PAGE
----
From the oven of success has come one of the Delta Health Alliance’s most fruitful offerings: the Sunflower County Head Start / Early Head Start Childcare Partnership – an early learning program that expanded significantly recently under the leadership of the Delta Health Alliance.
Linda Stevenson knows the recipe. So do Kenya Raymond and Johnnie Mae Rodney.
First, take hundreds of children ages 0-3 and combine them with a team of dedicated, well-trained child-care staff members. Then, mix a creative curriculum with a network of recently renovated, modern learning centers. Finally, add a helping of family outreach services with a quality healthcare component. The result is a quality early learning program that prepares children for success in kindergarten and beyond.
Stevenson, Raymond and Rodney, staff members at the Imaginarium Learning Center in Drew, Little Angels Day Care in Moorhead and Be’Be’ Kids Learning Center in Indianola, respectively, are all part of DHA’s early learning program that is helping change lives in the Mississippi Delta.
“It’s so important for these kids that all the parts of the partnership work together to give us the results we’re looking for — which is a community of healthy children ready to start school,” said Stevenson.
Recently, DHA received funding to expand the Head Start program in Sunflower County. The five-year grant, provided through the Department of Health and Human Services, Administration for Children and Families, now encompasses five additional childcare facilities located in Drew, Moorhead, Sunflower, Ruleville, and Indianola. The Early Head Start component of the Sunflower County Childcare Partnership is a continuation of the efforts previously provided by Save the Children.
DHA already oversaw childcare partnerships serving six childcare centers throughout Sunflower County.
Since forming, the childcare partnership has adhered to five primary goals:
(1) Building capacity and providing technical support of childcare centers in Sunflower County.
(2) Providing training and certification for all centers.
(3) Increasing parental engagement at centers and improving access to support services.
(4) Increasing the number of children enrolled in and utilizing the childcare subsidy program.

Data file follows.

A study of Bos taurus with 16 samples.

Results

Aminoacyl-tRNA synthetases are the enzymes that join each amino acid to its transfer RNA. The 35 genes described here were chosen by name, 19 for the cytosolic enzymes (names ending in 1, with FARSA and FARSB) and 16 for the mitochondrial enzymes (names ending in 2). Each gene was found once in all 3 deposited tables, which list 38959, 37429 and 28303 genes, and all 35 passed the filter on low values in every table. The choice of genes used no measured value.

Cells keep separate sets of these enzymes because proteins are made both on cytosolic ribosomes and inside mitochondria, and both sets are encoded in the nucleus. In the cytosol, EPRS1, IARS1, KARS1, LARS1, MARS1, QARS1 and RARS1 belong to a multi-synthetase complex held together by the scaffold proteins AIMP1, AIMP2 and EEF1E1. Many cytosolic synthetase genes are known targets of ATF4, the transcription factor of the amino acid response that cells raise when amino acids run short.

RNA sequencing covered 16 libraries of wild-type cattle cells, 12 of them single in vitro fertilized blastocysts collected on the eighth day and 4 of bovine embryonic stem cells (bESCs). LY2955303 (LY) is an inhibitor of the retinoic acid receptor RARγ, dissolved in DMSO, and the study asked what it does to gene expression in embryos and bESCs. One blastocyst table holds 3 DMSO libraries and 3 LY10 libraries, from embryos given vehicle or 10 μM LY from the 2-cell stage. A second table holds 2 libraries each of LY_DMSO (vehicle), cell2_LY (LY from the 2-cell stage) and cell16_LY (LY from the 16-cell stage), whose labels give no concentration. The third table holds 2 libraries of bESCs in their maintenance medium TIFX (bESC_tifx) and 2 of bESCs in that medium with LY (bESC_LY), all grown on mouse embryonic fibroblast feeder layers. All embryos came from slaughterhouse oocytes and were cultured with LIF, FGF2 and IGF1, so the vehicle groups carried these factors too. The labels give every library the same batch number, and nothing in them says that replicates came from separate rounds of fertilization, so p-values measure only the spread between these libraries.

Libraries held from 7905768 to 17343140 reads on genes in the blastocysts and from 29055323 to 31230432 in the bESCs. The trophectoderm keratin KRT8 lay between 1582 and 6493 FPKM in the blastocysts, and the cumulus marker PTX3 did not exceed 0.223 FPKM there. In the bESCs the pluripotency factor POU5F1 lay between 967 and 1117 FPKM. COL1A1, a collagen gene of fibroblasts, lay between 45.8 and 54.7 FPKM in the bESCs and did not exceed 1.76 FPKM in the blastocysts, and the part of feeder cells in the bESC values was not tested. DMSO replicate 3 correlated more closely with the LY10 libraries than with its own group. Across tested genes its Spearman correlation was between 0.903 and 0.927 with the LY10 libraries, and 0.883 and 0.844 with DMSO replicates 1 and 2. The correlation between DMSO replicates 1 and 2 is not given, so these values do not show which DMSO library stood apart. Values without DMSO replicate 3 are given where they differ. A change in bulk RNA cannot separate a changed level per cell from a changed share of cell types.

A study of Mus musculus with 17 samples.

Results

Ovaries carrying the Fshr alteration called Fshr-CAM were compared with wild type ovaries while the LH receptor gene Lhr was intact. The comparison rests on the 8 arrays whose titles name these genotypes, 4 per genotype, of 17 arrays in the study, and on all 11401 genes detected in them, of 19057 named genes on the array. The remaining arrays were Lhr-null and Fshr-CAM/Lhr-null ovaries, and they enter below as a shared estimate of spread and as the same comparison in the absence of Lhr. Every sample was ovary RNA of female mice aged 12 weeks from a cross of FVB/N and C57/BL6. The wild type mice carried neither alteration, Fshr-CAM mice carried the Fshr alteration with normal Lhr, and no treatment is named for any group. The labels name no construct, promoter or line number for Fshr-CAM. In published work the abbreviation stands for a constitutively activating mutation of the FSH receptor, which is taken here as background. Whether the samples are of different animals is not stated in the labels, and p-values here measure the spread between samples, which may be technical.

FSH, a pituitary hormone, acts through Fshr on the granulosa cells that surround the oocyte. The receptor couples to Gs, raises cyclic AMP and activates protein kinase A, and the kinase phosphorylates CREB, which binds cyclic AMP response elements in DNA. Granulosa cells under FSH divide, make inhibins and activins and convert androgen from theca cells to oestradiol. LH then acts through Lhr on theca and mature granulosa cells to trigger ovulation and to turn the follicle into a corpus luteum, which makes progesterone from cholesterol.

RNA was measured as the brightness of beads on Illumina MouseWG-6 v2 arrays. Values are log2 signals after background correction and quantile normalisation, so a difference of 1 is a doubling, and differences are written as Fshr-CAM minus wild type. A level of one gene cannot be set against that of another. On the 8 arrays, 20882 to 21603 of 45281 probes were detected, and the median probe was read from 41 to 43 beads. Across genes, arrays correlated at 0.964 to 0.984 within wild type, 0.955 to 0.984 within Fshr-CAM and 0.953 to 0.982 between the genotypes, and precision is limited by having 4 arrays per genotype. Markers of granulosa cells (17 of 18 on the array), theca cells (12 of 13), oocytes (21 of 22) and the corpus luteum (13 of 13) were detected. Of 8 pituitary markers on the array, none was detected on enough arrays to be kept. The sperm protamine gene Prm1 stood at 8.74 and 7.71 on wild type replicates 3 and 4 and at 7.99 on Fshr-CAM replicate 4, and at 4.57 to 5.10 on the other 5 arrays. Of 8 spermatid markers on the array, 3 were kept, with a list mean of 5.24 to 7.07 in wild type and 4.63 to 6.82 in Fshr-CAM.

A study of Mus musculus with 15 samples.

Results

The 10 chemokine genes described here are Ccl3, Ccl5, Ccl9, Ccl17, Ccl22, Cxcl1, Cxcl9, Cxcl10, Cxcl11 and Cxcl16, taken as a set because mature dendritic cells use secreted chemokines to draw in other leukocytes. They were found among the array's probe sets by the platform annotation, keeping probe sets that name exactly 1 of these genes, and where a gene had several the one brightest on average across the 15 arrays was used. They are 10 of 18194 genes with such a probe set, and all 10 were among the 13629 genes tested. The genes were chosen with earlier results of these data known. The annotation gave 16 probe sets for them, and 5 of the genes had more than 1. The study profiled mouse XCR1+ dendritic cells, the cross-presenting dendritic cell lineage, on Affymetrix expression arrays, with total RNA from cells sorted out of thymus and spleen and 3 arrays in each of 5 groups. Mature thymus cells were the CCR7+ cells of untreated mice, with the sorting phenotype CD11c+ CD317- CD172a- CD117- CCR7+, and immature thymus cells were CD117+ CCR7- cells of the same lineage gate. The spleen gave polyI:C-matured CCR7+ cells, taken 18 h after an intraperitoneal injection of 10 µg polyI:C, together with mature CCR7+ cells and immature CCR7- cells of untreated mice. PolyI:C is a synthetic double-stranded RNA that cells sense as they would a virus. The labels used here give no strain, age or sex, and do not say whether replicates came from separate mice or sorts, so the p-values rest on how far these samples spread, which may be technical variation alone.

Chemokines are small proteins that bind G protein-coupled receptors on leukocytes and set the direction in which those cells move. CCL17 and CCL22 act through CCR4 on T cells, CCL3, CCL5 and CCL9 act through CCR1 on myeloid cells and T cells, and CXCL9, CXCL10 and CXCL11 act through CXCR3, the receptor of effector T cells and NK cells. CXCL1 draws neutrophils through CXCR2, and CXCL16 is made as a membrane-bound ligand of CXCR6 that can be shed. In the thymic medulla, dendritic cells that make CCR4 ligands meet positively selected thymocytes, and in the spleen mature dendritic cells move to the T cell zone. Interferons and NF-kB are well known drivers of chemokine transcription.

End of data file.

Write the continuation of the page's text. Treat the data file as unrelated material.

(5) Improving the financial viability of centers.
“We have met and exceeded our goals,” said Roshunda Samples, a DHA program director who oversees the Early Head Start program. “The statistics are all positive, but they only tell part of the story. Our mission is to really change the lives of the youngest members of our community, as well as their families; and we are doing that in a real and self-sustaining way.”
While the statistics are positive, the full picture only comes into focus by adding other elements, including:
“The Creative Curriculum for Infants, Toddlers, & Twos,” a component that provides theory, research and best practices for responsive teaching and caring for very young children. Taught by instructors from Teaching Strategies, the onsite training in Indianola has reached 52 teachers from the six childcare centers.
Staff member training. Early Head Start teachers have taken part in a training program called “Conscious Discipline,” to provide additional skills and techniques to use with children ages 0-3.
Childcare centers that meet the needs of children. Through the partnership, childcare centers have undergone multi-million-dollar renovations to better serve the kids in a more welcoming learning environment. Flooring, roofing, lighting, bathrooms and kitchens have been remodeled to make these facilities more efficient and usable.
“Children represent our most vulnerable population and we have to build programs that ensure them a healthy and vibrant future,” said Samples. “Early Head Start is one way to meet those needs. This is a community effort that involves parents, schools, churches and businesses. We all have a role to play.”